Hundreds of fish including several native species were found dead in the Kaikorai Stream and estuary, particularly around the Brighton Rd bridge. PHOTO: IAN HADLAND/OTAGO FISH & GAME
Flood protection work by the Otago Regional Council in the Kaikorai Stream could have contributed to the deaths of hundreds of fish at the weekend.

Dead fish, including smelt, flounder, giant bullies, trout and inanga, littered the edges of the Kaikorai Stream and estuary at the Brighton Rd bridge.

ORC regulatory general manager Richard Saunders said yesterday it would investigate the fish deaths and whether there was any pollution from an upstream source.

He said the opening of the coastal mouth, which occurred over the weekend, could also have contributed to their deaths.

The council’s engineering team opened the coastal mouth at the Kaikorai estuary regularly when the stream reached a point at which it could cause water to flood and backfill into the Green Island landfill leachate fields, Mr Saunders said.

The council’s pollution team attended the site of the fish kill at Kaikorai Stream on Saturday, and took water samples for testing.

The stream had underlying water quality issues.

"The most likely scenario in this case is that warm temperatures and reduced dissolved oxygen in the water exacerbated underlying water quality issues in the stream, leading to the fish deaths," Mr Saunders said.

“Opening the coastal mouth is something [the council] does regularly as a flood protection measure, and it’s essential to avoiding leachate from the Green Island landfill entering the stream."

Opening the coastal mouth had not been associated with fish kills in the past, but it was possible that it was an aggravating factor in this fish kill event, he said.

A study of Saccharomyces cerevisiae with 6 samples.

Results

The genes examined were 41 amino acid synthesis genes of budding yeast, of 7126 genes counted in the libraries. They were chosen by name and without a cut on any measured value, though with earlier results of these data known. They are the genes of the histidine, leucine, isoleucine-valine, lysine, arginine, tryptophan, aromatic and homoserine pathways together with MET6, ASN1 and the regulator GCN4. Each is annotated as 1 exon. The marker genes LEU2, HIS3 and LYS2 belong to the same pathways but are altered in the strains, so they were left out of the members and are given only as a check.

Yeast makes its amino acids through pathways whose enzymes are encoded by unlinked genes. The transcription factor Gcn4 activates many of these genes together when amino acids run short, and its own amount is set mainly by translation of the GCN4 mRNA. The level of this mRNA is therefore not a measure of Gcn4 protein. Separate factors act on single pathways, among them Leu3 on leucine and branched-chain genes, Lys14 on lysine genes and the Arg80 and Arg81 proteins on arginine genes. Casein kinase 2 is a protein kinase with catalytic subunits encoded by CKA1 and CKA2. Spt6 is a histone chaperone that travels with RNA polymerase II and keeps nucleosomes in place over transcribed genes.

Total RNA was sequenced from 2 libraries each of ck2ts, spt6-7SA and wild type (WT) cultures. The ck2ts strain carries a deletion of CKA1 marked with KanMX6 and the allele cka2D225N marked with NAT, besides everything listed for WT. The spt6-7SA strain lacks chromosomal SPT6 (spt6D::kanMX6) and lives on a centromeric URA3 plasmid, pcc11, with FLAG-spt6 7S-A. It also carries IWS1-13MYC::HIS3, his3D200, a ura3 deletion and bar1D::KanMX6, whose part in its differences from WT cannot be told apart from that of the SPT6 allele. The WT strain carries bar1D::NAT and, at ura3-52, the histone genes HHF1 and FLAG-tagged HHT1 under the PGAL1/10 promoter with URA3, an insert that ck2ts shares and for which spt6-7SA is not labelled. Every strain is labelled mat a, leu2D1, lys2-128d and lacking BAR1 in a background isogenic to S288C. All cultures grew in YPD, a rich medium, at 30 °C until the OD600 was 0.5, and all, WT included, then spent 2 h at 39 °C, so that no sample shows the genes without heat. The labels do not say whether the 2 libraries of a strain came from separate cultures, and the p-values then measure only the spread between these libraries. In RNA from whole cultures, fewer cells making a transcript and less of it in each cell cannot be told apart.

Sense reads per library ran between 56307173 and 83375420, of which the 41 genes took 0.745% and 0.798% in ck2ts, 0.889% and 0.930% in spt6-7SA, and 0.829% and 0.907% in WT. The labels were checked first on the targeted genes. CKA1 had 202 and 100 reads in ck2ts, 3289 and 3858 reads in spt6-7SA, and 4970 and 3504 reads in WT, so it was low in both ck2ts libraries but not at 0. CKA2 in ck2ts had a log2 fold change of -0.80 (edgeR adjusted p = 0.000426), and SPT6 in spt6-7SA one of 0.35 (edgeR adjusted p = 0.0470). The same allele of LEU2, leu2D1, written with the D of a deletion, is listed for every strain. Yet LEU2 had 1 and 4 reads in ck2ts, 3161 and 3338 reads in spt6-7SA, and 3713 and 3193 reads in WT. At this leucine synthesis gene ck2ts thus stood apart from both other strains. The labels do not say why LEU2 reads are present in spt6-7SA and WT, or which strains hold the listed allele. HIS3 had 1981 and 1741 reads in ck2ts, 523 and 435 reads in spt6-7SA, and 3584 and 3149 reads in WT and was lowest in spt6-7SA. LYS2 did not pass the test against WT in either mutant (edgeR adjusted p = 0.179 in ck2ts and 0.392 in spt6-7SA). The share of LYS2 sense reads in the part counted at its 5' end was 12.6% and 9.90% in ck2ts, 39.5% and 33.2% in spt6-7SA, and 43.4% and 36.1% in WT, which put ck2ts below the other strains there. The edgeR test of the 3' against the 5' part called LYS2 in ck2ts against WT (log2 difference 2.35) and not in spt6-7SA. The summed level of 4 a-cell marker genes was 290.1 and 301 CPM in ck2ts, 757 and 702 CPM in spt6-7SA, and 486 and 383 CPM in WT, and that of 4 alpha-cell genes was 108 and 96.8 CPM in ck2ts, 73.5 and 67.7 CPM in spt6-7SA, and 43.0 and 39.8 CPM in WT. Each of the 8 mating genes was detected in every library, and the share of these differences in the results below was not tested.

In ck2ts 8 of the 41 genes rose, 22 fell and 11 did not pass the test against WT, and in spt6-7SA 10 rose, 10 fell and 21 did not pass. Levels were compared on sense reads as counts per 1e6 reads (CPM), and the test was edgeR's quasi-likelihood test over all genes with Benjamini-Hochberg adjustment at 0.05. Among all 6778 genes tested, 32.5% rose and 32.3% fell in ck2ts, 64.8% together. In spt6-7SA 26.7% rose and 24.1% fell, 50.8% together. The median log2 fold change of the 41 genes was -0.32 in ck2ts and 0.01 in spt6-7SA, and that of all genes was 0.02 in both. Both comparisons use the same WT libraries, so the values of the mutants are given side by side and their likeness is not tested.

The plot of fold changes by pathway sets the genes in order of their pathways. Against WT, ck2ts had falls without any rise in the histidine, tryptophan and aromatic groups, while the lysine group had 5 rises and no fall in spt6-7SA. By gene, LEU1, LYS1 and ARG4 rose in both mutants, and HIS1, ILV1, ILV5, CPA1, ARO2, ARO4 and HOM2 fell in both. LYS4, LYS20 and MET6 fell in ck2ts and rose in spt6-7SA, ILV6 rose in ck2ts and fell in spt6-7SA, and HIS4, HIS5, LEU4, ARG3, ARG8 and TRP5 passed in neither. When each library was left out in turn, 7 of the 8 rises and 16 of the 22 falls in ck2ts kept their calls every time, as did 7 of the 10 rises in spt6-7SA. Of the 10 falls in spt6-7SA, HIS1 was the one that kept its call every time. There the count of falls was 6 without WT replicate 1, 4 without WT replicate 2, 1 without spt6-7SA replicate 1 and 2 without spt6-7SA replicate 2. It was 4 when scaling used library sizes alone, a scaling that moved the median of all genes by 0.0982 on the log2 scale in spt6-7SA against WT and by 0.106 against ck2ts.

The fish kill highlighted that water quality was everyone’s responsibility, in urban contexts as well as rural, he said.

Urban waterways had some of the most degraded water quality in New Zealand, he said.

"It’s crucial that people are conscientious about what’s going into the streams and rivers in their backyards, and avoid draining anything that might negatively impact the environment," he said.

hamish.maclean@odt.co.nz

Comments

Saunders is right, high temps and low dissolved oxygen is most probable. Sadly Fish&Game lept at the chance to blame farming at any opportunity. They need to turn the mirror on themselves, a recent region-wide study found 80% of feacal bacteria in rivers is from their ducks not farmers! They wont admit that publicly however

According to yesterday's article Otago Fish & Game chief executive Ian Hadland did not mention farming once in connection with this incident. Do you know otherwise?

I was interested in the study you mentioned so did a quick Google and found that what you state is a little misleading. The Southland based study found that 80% of samples taken were found to contain bird poo. This is not surprising due to many wild birds living in close proximity to water. However the study also found that 50% of the samples contained livestock faecal matter and a small percentage even contained human waste.
"Environment Southland science manager and report author Dr Elaine Moriarty said the risk of becoming sick after swimming in a river that contains bird pollution is low, while the risk of swimming in a river with even a small amount of pollution from human or ruminant sources is very high as the diseases this pollution carries are more readily transmitted to humans."